A lack of strategic trust is at the heart of the mounting tensions between China and the United States, making it hard to resolve their differences.
But going down the current path would be a serious mistake on both sides, said Prime Minister Lee Hsien Loong.
The entire world's economic growth may take a hit, major international problems could stay untackled and the benefits of globalised markets lost, he said last night in his keynote address at the Shangri-La Dialogue.
"We should therefore do our utmost to avoid going down the path of conflict and causing enmity on both sides that will last for generations," he told an audience of defence leaders that included US Acting Defence Secretary Patrick Shanahan and China's Defence Minister Wei Fenghe.
Both countries have recently imposed tariffs on each other's products, but PM Lee indicated that the problems ran deeper.
"If both sides treat their trade dispute purely on its own merits, I have no doubt their trade negotiators will be able to resolve it," he said.
"But if either side uses trade rules to keep the other down, or one side comes to the conclusion that the other is trying to do this, then the dispute will not be resolved, and the consequences will be far graver than a loss of GDP (gross domestic product)."
The result, he said, would be a more troubled and divided world.
In the 45-minute speech, PM Lee touched on South-east Asia's history to show how its countries thrived after integrating into the world economy.
But his focus was on the more immediate issue of globalisation coming under siege on account of strains in the US-China relationship, which he called the most important in the world.
While smaller countries like Singapore had no choice but to strengthen multilateral institutions, they, like others, were wondering what the future holds, he said.
He said there is no strategic inevitability about a US-China face-off. "But at the same time, if such a face-off does happen, it will be nothing like the Cold War," he said, referring to the long-drawn struggle between the US and the former Soviet Union, which had sought to export communism to the world.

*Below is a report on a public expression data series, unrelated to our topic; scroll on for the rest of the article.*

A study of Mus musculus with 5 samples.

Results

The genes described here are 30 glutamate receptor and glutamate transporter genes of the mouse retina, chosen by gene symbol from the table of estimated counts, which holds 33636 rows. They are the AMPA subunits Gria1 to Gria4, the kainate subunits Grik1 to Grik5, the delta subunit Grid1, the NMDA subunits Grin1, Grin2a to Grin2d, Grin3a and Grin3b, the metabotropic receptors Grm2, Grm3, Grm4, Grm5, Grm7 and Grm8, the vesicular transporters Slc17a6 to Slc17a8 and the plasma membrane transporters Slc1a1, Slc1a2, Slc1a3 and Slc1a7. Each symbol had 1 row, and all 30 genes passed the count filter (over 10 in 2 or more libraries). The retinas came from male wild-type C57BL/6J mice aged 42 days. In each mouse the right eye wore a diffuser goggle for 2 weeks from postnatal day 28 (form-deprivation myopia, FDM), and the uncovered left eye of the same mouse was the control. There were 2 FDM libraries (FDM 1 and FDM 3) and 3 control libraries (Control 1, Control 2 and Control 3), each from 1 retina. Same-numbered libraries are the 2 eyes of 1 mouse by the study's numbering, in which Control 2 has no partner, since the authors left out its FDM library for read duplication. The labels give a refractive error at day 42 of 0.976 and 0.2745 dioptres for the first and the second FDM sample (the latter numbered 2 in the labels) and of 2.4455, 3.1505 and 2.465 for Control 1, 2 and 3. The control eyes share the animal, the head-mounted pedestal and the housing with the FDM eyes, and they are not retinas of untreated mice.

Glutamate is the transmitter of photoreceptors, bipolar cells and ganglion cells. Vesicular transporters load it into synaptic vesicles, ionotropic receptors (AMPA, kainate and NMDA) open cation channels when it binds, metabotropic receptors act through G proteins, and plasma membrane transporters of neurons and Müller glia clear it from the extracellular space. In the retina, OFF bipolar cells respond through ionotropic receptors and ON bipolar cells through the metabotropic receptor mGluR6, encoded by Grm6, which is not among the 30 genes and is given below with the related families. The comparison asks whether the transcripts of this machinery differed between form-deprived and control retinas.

On where a conflict between the US and China could end, he noted that it took 40 years for the Soviet bloc to collapse, under the pressure of enormous defence spending.
"It is highly improbable that the vigorous Chinese economy will collapse in the same way," he said.
China was not capable of taking down the US either.
"Even short of outright conflict, a prolonged period of tension and uncertainty will be extremely damaging," said PM Lee, as issues such as the Korean situation and climate change could be tackled only if both China and the US participated.
"In economic terms, the loss will be not just a percentage point or two of world GDP, but the huge benefits of globalised markets and product chains."
He said China had extensive economic and trade links with the rest of the world, unlike the Soviet Union, whose dealings were largely confined to its own bloc.
In fact, many of the US' major allies in Asia, including Singapore, have China as their largest trading partner, and they all hope that the US and China will resolve their differences. "They want to be friends with both," he said.
While the consequences of such a conflict were grim, its roots also ran deep. The US saw China as a strategic competitor that had taken advantage of it for too long, while many in China saw the US as trying to thwart its legitimate ambitions.
"The fundamental problem between the US and China is a mutual lack of strategic trust," PM Lee said.
"This bodes ill for any compromise or peaceful accommodation. But to go down the present path would be a serious mistake on both sides."
Leaders in both countries also faced powerful domestic pressures as attitudes hardened and neither side wanted to appear weak.
"But ultimately, it is in the interests of both the US and China to reach such an accommodation and to persuade their domestic publics to accept it," he said.
While smaller nations like Singapore could work together to deepen economic cooperation, he said US-China ties would still define the tenor of international relations for years to come.
"In our own generation, we must work together to maximise the chances that countries will have the wisdom and courage to make the right choices," said PM Lee.